That awesome proclamation, according to the Bible, was how a multitude of the heavenly host accented Jesus’ birth announcement, which had just been delivered by an angel.
The site where it occurred was a perfect backdrop for such a divine message, as it, too, added emphasis to the meaning of those words. What could have been a more serene scene than a starlit countryside where shepherds, armed only with their staffs, were tending their flocks?
And on earth, peace.
It’s a beautiful thought. Yet for 2,000 years that prophecy has not been fulfilled. Peace has been a rare commodity on our tiny planet, just as it was before that blessed event.
Sure, many through their faiths have found some form of inner peace despite all the troubles around them. But when has there ever been a time during human habitation when Earth was at peace — free of conflict, armed combat between tribes and nations or a maniacal ruler bent on carrying out his personal genocidal missions?
Even in that part of the world we call the Holy Land there has been unrest for centuries and, despite numerous attempts, no peace has been found.
On this Christmas Day, as much of the the world pauses to remember the birth of the Christ child, millions of people are caught in the crossfire of war, including many children.
The wars in Iraq and Afghanistan continue, with the deaths of innocent civilians outnumbering those of combatants on most days. The almost daily bombings in neighborhoods and city centers have ravaged these ancient and culturally rich lands.
In Syria, more than 100,000 people have been killed in a bloody civil war that has forced more than 2 million to flee that nation, leaving 4 million others displaced within their homeland. The saddest thing of all in remembering the Child in the manger, wrapped in swaddling clothes, is that in Syria more than 11,000 of those slain have been children.
That country, as several journalists in recent days have explained, is literally exterminating its future.
Good will toward men?
Just two years ago, the people of South Sudan thought peace had finally arrived after years of brutal attacks by their neighbors to the north.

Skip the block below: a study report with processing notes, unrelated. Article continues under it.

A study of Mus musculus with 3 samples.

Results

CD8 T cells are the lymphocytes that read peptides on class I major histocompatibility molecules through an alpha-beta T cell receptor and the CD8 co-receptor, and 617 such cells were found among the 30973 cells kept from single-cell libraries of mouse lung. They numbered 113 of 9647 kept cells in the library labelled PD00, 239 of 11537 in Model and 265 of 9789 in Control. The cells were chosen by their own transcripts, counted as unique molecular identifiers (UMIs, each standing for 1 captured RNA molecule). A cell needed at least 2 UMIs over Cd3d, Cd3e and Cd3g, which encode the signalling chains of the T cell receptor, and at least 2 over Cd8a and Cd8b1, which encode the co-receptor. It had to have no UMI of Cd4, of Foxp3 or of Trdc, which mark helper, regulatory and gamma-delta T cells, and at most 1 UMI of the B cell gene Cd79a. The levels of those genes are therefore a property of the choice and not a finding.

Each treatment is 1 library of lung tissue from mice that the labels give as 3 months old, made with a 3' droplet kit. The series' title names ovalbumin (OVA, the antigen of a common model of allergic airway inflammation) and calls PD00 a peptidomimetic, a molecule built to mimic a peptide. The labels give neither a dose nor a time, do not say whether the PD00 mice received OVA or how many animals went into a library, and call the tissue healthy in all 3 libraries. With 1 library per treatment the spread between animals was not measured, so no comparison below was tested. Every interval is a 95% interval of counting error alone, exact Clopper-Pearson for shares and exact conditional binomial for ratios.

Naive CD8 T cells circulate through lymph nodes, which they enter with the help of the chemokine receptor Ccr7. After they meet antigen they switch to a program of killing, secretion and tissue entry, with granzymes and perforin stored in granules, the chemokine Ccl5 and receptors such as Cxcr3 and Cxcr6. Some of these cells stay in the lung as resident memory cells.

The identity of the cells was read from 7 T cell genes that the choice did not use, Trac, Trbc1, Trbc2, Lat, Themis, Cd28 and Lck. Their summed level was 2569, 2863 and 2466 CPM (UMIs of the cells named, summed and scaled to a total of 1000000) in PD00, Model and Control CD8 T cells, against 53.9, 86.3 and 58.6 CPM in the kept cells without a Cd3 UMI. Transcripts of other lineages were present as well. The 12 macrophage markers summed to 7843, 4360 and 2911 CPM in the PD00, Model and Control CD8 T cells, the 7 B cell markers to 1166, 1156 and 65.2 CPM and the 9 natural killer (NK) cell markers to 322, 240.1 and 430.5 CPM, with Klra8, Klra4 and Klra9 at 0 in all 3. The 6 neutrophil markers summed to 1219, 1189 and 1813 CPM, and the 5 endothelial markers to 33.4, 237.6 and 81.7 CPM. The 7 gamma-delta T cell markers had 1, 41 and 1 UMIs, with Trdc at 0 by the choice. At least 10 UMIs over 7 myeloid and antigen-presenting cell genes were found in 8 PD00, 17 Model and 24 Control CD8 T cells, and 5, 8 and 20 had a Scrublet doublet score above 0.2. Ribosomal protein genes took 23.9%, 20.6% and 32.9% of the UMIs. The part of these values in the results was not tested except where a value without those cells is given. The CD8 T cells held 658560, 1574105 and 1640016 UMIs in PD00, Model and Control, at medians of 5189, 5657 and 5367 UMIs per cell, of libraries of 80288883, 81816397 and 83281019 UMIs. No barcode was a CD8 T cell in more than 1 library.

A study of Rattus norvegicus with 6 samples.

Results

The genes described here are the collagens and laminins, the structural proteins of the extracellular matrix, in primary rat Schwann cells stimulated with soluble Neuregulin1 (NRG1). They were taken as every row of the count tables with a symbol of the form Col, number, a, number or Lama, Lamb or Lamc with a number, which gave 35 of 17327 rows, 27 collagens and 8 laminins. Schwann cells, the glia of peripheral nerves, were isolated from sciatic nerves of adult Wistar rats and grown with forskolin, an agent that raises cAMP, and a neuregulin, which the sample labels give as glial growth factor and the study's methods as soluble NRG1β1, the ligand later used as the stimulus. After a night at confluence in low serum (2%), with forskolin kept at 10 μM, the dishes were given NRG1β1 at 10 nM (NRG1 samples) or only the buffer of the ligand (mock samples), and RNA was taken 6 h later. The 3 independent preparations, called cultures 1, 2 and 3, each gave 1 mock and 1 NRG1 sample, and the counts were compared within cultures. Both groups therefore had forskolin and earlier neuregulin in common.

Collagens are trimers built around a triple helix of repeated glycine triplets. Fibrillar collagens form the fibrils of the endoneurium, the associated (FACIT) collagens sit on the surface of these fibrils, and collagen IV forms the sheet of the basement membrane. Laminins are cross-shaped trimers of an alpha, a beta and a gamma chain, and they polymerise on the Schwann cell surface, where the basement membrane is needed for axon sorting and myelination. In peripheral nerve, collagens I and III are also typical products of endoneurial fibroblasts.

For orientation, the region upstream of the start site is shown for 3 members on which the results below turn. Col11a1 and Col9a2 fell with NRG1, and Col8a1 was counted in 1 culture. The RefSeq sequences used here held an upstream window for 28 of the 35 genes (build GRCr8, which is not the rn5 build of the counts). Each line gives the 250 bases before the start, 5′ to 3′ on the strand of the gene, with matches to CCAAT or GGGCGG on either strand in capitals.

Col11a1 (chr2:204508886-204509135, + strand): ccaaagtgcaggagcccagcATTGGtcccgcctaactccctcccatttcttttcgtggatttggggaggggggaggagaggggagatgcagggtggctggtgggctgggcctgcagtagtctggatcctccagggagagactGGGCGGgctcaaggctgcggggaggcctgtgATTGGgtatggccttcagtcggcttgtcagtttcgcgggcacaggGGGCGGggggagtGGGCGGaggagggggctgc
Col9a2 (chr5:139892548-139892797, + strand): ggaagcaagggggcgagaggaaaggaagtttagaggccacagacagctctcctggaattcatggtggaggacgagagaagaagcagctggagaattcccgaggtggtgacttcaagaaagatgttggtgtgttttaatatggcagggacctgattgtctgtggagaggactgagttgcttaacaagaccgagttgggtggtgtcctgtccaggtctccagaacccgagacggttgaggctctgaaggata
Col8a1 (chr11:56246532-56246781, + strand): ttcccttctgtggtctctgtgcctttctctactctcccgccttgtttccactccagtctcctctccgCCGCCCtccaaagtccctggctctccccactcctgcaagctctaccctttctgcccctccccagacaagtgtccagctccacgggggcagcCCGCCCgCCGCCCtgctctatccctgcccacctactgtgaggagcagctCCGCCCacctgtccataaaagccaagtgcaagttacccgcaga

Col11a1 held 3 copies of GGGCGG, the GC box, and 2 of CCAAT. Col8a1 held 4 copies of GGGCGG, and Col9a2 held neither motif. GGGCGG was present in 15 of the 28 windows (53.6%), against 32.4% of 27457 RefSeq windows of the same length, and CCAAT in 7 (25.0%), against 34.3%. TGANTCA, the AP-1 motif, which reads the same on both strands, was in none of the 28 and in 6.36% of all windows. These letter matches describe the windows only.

But now, fueled by a power struggle, greed and intertribal bigotry, an outbreak of violence between government and rebel militia has disrupted this new democracy and thousands have fled their homes seeking refuge, many holing up in U.N. camps.
In the nearby Central African Republic, a coup to overthrow the government last March has resulted in Muslim versus Christian conflict that has overtones of genocide.
There is continued unrest in countries like Egypt and Libya, with growing tension in Iran, Ukraine and Tunisia. Of course, there are people living under repressive governments all over the globe — all hoping for just a little peace in their troubled lives.
And in this country, the “land of the free,” the racial and political divides grow wider, tolerance is a dirty word and violence has become part of our culture. We’ve become a society where guns are welcomed in our homes like the proverbial frozen snake, and then we are shocked when the serpent wakes and bites us.
We, like those in nations involved in bloody wars, are burying too many of our children who have fallen victim to too many crazy, brutal acts. Mourning is almost a daily ritual.
With all the turmoil in the world, it is easy to feel helpless, totally inadequate to affect change for the better.
The one thing we can do is to commit ourselves to treating our fellow human beings better: to regard everyone, regardless of race, religion or nationality, as brothers and sisters.
All the while, we must continue to pray for that ever-elusive thing called peace.